Alacrity Falmouth student Thomas Brown reflects on the challenge of setting up your first games studio

Diaries from Alacrity Falmouth: Support for start-ups

Starting your own company is one of the hardest things you can ever do. It takes commitment and passion – something this year’s cohort of Alacrity students is certainly not lacking. Having been together for nearly six months, we have all learnt each other’s expertise. We may all have individual projects but the open working environment has encouraged a free flow of ideas, demonstrating the immense benefits of an incubation program like Alacrity Falmouth.

Working in one of the games teams developing a brand new console game for a market that requires massive budgets, large teams and lengthy development cycles would seem like an almost impossible task for four people who only met a mere six months ago.

Then you add the strains of completing an MA in entrepreneurship and most people would struggle to see how such a program could work. Fortunately for me, I have been put into a team with some of the best individuals in their respective fields. What better relief can there be than knowing that you can trust your team to produce work that would rival any console game out there every time.

Of course, we are not alone. The support from Alacrity Falmouth’s team of in-house mentors and staff provides help with everything from business strategies to taking a break from work with a debate on the features of the latest blockbuster titles.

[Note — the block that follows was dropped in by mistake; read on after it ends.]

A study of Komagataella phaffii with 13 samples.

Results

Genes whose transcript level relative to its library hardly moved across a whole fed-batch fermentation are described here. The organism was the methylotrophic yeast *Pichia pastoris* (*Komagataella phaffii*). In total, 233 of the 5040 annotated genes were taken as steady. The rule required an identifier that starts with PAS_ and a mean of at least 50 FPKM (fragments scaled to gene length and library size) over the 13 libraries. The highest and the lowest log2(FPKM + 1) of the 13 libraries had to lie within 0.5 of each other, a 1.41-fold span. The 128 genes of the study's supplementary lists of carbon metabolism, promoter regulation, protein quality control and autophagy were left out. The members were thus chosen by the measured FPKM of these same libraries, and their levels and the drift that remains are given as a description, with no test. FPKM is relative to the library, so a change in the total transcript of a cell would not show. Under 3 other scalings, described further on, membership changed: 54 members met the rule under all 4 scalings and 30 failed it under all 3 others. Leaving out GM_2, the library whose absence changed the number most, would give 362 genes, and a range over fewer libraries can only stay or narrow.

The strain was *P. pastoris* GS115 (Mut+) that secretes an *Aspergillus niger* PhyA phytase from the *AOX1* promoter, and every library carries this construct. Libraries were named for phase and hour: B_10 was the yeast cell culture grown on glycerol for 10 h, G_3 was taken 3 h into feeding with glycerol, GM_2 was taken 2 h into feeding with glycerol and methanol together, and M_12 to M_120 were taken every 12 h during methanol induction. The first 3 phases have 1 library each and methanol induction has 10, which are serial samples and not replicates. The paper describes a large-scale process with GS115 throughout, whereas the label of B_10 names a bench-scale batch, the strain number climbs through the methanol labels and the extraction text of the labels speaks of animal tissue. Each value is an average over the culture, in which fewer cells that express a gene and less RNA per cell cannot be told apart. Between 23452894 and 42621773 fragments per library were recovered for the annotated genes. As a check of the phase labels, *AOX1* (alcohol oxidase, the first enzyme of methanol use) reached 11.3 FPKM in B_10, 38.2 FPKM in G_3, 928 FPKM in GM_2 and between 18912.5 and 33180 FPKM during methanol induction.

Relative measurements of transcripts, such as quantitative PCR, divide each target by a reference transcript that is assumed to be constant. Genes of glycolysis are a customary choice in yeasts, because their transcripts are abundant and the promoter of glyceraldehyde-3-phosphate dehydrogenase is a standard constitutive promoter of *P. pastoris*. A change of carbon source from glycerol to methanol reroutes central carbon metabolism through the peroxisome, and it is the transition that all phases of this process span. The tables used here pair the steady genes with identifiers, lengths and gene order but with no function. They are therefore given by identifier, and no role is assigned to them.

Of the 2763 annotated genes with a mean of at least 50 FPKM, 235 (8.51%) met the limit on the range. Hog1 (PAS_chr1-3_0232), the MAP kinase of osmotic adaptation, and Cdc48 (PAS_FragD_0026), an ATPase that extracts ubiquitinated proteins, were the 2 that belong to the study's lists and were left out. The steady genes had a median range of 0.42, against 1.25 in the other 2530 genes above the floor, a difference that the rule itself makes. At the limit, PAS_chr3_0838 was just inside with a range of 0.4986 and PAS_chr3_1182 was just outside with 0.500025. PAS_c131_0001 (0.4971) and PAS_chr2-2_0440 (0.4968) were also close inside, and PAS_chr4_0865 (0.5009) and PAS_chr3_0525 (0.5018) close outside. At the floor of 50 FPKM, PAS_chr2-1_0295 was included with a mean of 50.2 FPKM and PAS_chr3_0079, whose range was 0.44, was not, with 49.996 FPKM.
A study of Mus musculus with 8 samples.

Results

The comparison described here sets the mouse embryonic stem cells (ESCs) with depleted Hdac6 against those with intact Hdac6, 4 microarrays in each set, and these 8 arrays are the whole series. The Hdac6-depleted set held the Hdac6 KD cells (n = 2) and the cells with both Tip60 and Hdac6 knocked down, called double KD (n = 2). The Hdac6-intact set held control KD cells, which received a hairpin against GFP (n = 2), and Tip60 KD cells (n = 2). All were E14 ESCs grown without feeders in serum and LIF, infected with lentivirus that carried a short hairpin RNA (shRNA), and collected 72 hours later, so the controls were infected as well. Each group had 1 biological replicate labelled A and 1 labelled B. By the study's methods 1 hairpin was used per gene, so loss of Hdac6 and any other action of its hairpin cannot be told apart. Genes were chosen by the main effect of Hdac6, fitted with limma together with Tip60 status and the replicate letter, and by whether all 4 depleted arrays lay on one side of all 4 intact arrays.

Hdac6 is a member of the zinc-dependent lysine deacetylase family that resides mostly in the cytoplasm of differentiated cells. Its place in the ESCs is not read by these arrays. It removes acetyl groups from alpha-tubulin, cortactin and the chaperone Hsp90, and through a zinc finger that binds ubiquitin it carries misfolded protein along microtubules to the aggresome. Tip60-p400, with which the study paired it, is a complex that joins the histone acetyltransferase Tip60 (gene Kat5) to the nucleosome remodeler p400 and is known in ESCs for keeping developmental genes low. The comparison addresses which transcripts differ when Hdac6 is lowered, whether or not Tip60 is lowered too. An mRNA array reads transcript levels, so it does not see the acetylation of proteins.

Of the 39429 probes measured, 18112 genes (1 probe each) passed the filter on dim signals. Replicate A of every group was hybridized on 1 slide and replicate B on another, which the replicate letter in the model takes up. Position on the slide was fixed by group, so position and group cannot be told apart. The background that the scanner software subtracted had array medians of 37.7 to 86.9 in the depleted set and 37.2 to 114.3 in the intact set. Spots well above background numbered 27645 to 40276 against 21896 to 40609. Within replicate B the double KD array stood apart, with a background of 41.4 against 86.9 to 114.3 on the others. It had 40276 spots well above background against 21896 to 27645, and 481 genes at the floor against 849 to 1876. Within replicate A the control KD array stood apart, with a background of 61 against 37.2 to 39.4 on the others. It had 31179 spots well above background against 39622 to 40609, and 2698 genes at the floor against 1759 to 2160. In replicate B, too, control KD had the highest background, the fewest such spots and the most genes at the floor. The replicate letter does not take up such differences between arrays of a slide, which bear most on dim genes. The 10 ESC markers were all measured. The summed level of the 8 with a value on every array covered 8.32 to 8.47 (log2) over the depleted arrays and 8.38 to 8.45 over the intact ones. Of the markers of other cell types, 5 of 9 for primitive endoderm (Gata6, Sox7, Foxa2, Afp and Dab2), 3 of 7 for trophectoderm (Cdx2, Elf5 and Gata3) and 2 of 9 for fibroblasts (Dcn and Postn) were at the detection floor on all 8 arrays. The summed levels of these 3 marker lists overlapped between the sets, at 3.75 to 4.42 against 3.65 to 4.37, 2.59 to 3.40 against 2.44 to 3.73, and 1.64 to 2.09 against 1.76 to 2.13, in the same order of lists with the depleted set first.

All of this support is then consolidated with external mentors. Charles Russell Speechlys has supported us for all of our legal questions. Harvey Wheaton has been instrumental in helping my team form a consistent and reliable planning process using Agile Scrum – ideas that will be used throughout our studio’s life and will help form our company culture.

Personally, I have thrown myself into the world of business, learning accounting, polishing my public speaking and brushing up on my contract law. It is safe to say that in the last six months, the act of having to learn and then implement these new skills has accelerated my learning. Even better is that this is not just happening with me, other teams have adapted to learn new skills in order to push projects even further, whether that be learning motion capture or a bit of astrophysics.

For my team, the next six months will be the most exciting and stressful so far. With production of our game in full flow, we are steaming ahead ready for a playable demonstration in May 2015 ready to gain investment to fund a further twelve-month development cycle before releasing in early 2016.

The relationships we are creating with investors at this early stage of production will enable us to demonstrate our commitment and drive – features that will help us gain the investment required to start our studio, and kick start a new creative digital sector in Cornwall.